Who Qualifies for a Loan Modification?

Loan modification attempts to offer assistance to homeowners who might suffer from foreclosure. There are situations in which reduced monthly payments could solve the foreclosure. To qualify, families must document financial hardship and demonstrate the ability to meet monthly payments if they were modified.

Basically, you won’t qualify for most loan modifications if your financial situation has not changed. And you won’t qualify for loan modifications if you completely lose your income. You need to demonstrate that (1) something has occurred which makes it tough to pay your mortgage, but (2) not something so bad that you won’t be able to pay your mortgage at all. Maybe you took a pay cut at work or you lost part of your income. Maybe you’ve had a family emergency or hardship which is eating into your finances.

Regardless, you have to show that you can still make loan payments on your mortgage if they were only a little bit lower.

Qualifying for Loan Modification

What Kind of Financial Hardships Qualify?

Different lending solutions will be willing to work with you in different ways. Usually the financial hardship must be enduring or have effects that are enduring. If you work on commission and have a great track record, one bad year will probably not allow you to qualify for a modification. But if you lose your job or suffer from a new and serious illness, you might be able to qualify.

You’ll also only be able to qualify if you lack the kind of cash reserves that allow you to keep making mortgage payments. For example, if you lose your job but have a ton of savings and easily liquefiable capital, your loan modification will probably not be granted. Most financial institutions require that you lack extra funds on hand.

Affording Different Payments

Even if you lose your job or lose a source of income, you probably won’t be approved for a loan modification if you can still meet your mortgage payments. If your salary is cut in half but you’re still able to afford loan payments, you probably won’t get a modification.

Alternatively, if you’re going to end up in default, you won’t get a modification. A lender will only work with you if they think that you will avoid default through a modification. If you’re going to default in spite of a modification, they will allow the process to play out even quicker.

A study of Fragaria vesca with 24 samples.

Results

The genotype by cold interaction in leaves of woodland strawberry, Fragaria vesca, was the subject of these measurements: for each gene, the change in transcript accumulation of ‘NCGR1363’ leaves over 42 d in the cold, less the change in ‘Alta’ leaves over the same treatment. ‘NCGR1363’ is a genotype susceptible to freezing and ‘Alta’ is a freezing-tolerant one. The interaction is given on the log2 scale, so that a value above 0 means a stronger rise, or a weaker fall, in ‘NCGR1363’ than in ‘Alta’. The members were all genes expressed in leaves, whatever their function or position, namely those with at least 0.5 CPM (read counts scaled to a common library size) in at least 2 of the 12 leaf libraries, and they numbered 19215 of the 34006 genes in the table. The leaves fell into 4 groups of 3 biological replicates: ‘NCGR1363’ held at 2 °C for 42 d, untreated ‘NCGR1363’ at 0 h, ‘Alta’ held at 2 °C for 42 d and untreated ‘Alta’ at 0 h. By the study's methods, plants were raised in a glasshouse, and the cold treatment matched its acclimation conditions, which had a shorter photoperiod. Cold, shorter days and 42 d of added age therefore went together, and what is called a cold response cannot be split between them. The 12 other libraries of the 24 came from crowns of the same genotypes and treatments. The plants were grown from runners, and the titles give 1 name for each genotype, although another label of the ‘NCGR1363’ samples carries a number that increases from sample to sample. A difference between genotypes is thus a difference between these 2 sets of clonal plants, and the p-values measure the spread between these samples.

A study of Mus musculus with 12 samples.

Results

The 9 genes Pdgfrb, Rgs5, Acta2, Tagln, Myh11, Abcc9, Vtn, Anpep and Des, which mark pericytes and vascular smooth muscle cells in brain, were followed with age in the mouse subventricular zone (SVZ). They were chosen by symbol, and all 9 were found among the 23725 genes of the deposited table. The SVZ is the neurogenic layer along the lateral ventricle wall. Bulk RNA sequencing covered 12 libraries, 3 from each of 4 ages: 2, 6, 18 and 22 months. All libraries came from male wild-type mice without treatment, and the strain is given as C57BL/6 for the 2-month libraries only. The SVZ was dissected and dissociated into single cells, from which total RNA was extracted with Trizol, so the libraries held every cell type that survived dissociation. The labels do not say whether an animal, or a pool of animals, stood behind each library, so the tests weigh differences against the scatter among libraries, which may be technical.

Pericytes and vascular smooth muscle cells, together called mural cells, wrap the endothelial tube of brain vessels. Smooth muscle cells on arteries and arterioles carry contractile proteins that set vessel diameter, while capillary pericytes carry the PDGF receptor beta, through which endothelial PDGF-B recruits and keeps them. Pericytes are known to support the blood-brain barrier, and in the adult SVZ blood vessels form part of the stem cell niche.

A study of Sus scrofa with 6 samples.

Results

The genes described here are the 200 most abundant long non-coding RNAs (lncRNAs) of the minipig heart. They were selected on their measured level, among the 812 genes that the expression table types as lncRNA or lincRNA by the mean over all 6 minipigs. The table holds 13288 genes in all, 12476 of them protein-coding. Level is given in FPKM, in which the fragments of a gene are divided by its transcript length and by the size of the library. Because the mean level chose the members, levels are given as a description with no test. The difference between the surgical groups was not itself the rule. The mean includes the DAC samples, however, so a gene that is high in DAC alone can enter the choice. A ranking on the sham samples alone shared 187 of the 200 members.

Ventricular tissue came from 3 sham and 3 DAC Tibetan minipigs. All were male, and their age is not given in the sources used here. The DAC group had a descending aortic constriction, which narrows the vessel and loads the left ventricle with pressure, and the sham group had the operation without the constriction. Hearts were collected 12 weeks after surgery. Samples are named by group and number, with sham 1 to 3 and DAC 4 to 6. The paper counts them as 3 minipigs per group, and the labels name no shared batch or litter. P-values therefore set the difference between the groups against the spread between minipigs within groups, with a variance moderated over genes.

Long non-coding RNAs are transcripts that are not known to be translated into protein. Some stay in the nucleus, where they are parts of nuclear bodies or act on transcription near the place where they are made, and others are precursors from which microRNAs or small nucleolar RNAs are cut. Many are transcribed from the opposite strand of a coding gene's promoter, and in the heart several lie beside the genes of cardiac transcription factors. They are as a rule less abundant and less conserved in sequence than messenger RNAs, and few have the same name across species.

You’ll still need a relatively good credit history and score to qualify. Lenders want to see that what has happened really is an unusual financial hardship. They want to bet on someone who will pull themselves out and who can come up with a plan.

Loan modifications, ultimately, are possible only if the lender is convinced you can afford to make different payments. If you think that you can show this is the case, and lack the cash reserves and resources to get through your current payments, apply for a modification.

What’s the Difference between Modification and Refinancing?

Refinancing can move your mortgage payments up or down, depending on your credit score and financial situation. Some people make a number of on-time payments on a 30-year mortgage for a couple decades and then are able to refinance the final part of the loan for a better deal. Other people need to lower their monthly payments and refinance for a longer term, taking on a higher interest rate as a compromise. Refinancing is for people with relatively good credit who are in a position that they can leverage for a different type of mortgage.

Modification, on the other hand, is for people who are experiencing financial hardship. Refinancing pays off your current mortgage with a new one, but modification alters the terms of your current mortgage.

How to Get a Loan Modification

The federal government has had a variety of loan modification programs in the past, like HARP and HAMP. Those programs have currently expired, however. But you can certainly check HUD—the making home affordable division of the federal government. You’ll get additional information on current programs and government assistance.

Negative Impacts of Loan Modification

There are a few potential negative impacts of modifying your loans. First of all, this will probably be added to your credit report and could damage your credit score. Foreclosure is worse for your credit score, but loan modification is also bad.

Additionally, many loan modification programs are only temporary. It’s a great short-term solution but it might require you to return to higher payments in the future. You probably don’t want to think about loan modification as the final solution, but rather as a temporary solution which buys you time to find a long term solution.

Finally, when you modify your loan, the term of the mortgage is usually extended. It will take you a lot longer to pay off the loan and you’ll pay a higher lump sum because of additional interest.